Disputes often arise in home sales when buyers and sellers go into a deal with different understandings about what property will be included in the sale. While the law provides some guidelines, it isn’t always clear and there’s no guarantee that the other side will be aware of it or follow it. The best course of action is to include each specific item you care about in writing — anything can be bought or sold even if it might not legally be part of the home purchase to begin with. Below are the general practices with regard to various items to use as a starting point in negotiations.
Generally, the rule is that permanently attached appliances stay and freestanding appliances go. Permanently attached means built into the home such as a range, cabinet-mounted microwave, or dishwasher. Freestanding items include refrigerators, washers, and dryers no matter how conveniently they fit into a space specially designed for that type of appliance. If you are impressed by a home with high-quality appliances, be sure that they are specifically included to avoid them being switched with cheaper appliances. On the other hand, if you want something out, have that included to avoid the time and expense of having to dispose of it yourself.
Air Conditioning and Heating Systems
Air conditioning and heating systems follow the general rule of other appliances. Permanently installed central or ductless systems stay with the house, but window-mounted units go. In addition to the usual precautions with appliances, be sure to determine the age of the system. Older systems may need to be replaced or need new ductwork that can be very expensive. Newer systems may still be under a transferrable warranty that may cover repairs for years.
Lights and Ceiling Fans
What is and isn’t permanently attached becomes a grayer area with lights and ceiling fans. They may be attached overhead, but they can and often are quickly removed. This is especially true of chandeliers, other decorative lighting, or top-of-the-line ceiling fans. While they probably should be included along with the light bulbs inside, be sure to include them in the contract to avoid unpleasant surprises.
Window coverings usually seem like they should be included, at least to buyers, because they are almost always custom-fitted to that home’s windows. However, blinds, curtains, and curtain rods are commonly removed by sellers. Curtains might be reasonably removed because they can often fit various sized windows and are bought to match the furniture. The removal of curtain rods or blinds, however, leaves empty holes in the wall, so they are more commonly included.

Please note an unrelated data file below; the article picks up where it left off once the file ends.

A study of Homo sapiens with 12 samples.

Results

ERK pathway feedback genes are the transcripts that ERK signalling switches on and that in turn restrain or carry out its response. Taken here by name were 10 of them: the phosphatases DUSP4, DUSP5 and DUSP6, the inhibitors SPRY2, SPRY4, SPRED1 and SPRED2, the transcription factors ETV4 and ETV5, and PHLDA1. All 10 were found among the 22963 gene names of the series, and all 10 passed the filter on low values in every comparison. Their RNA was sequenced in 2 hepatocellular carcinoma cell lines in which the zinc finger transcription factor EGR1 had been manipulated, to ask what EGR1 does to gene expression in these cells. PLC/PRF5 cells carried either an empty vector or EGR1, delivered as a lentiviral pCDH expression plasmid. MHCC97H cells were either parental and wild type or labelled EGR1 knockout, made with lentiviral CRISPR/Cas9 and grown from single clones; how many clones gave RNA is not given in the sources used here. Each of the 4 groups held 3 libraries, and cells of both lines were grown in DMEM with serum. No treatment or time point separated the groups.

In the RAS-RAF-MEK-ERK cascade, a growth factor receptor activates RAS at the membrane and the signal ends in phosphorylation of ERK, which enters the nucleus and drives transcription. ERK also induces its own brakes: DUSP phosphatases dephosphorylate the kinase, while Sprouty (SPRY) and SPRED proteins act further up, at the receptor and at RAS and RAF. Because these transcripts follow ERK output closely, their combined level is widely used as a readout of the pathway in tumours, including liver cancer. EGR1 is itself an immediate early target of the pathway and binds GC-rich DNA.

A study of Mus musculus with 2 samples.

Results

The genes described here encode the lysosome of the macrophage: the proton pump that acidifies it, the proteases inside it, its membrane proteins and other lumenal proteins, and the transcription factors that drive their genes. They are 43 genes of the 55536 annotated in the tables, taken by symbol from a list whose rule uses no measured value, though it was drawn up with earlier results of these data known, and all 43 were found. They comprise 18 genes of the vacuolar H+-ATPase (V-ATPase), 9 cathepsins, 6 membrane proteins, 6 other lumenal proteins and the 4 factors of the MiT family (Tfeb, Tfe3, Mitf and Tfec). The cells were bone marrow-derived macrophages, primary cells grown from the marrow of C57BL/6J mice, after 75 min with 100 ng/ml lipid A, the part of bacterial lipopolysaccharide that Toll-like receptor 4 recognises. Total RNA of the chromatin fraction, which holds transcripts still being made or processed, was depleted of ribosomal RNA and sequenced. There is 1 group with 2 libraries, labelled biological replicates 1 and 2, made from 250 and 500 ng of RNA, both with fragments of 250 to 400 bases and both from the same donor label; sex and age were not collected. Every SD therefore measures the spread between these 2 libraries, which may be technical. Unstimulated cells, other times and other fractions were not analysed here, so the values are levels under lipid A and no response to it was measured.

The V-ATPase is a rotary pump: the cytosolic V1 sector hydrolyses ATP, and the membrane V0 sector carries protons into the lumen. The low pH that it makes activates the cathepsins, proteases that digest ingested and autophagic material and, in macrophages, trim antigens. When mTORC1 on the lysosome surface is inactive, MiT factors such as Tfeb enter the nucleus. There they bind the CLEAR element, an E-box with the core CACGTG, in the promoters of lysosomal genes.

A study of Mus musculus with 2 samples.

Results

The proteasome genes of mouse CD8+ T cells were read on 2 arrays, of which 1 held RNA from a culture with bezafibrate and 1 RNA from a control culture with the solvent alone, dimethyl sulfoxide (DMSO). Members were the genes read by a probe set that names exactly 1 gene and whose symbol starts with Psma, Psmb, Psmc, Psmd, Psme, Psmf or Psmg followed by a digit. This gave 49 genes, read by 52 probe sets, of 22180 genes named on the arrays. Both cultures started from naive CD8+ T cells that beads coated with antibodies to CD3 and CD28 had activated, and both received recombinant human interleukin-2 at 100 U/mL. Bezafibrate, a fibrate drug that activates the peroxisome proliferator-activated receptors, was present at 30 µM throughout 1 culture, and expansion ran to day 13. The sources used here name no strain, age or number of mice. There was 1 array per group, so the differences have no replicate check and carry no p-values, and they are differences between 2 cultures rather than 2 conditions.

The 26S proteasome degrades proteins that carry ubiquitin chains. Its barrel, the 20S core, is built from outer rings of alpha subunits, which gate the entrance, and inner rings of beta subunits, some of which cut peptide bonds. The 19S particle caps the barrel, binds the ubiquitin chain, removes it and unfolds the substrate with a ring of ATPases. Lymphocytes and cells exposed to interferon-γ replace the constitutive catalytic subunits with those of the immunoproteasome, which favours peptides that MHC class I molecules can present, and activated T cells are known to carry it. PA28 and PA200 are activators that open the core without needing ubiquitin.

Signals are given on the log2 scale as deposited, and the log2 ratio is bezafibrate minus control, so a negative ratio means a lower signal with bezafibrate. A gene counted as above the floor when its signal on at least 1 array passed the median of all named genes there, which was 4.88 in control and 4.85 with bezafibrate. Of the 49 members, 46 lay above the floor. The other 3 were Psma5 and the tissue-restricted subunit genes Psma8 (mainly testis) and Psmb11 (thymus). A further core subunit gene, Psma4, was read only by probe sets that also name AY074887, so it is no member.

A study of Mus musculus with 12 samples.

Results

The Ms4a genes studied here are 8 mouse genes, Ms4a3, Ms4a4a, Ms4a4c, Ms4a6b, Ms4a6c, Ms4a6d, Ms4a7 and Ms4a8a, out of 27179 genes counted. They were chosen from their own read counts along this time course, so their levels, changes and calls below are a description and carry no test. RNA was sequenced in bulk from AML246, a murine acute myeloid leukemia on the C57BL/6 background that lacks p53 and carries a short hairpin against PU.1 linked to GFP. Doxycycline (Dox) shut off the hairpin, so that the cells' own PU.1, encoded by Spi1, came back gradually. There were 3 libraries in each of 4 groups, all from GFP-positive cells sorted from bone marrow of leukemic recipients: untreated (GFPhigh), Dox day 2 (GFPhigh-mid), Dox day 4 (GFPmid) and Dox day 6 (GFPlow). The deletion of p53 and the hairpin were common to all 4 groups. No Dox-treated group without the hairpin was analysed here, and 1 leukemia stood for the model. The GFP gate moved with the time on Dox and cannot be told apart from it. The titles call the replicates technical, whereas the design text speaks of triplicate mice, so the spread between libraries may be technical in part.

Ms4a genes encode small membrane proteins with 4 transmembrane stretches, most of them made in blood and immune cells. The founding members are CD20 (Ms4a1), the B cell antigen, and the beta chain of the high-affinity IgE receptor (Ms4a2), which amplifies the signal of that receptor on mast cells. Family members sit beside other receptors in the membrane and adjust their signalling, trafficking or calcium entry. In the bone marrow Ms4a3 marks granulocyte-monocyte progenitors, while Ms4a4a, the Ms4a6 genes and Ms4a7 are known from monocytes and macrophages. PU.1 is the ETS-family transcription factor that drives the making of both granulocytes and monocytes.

Decorations and Furniture
Decorations and furniture are almost never included no matter how well they might fit the space. This includes mirrors, bookshelves, and mounted art. If a buyer sees an item that they think just makes the room, they can always ask the seller. The seller might want to leave it because it is hard to move or won’t fit their new home, or might be willing to part with it for a price.
Traditionally, electronics were never included in a home sale unless specifically added as a bargaining chip. With wall-mounted TVs, built-in stereo systems, and more complex home entertainment systems becoming more common, buyers have increasingly argued that they should have been left when the seller took them. Electronics might be bargained for, but they should never be assumed to be automatically included in the contract.
Homes with large yards often have play equipment, above-ground pools, sheds, dog houses, or other structures that aren’t part of the home. The fact that they are usually prefabricated and dropped off with a truck often makes them seem like they are removable no matter how well they are attached into the ground. In some cases, a buyer might want an item removed while the seller was planning to leave it behind. These items are usually large enough that whether they will remain should be included in the listing, but never make any assumptions if the listing doesn’t explicitly say yes or no.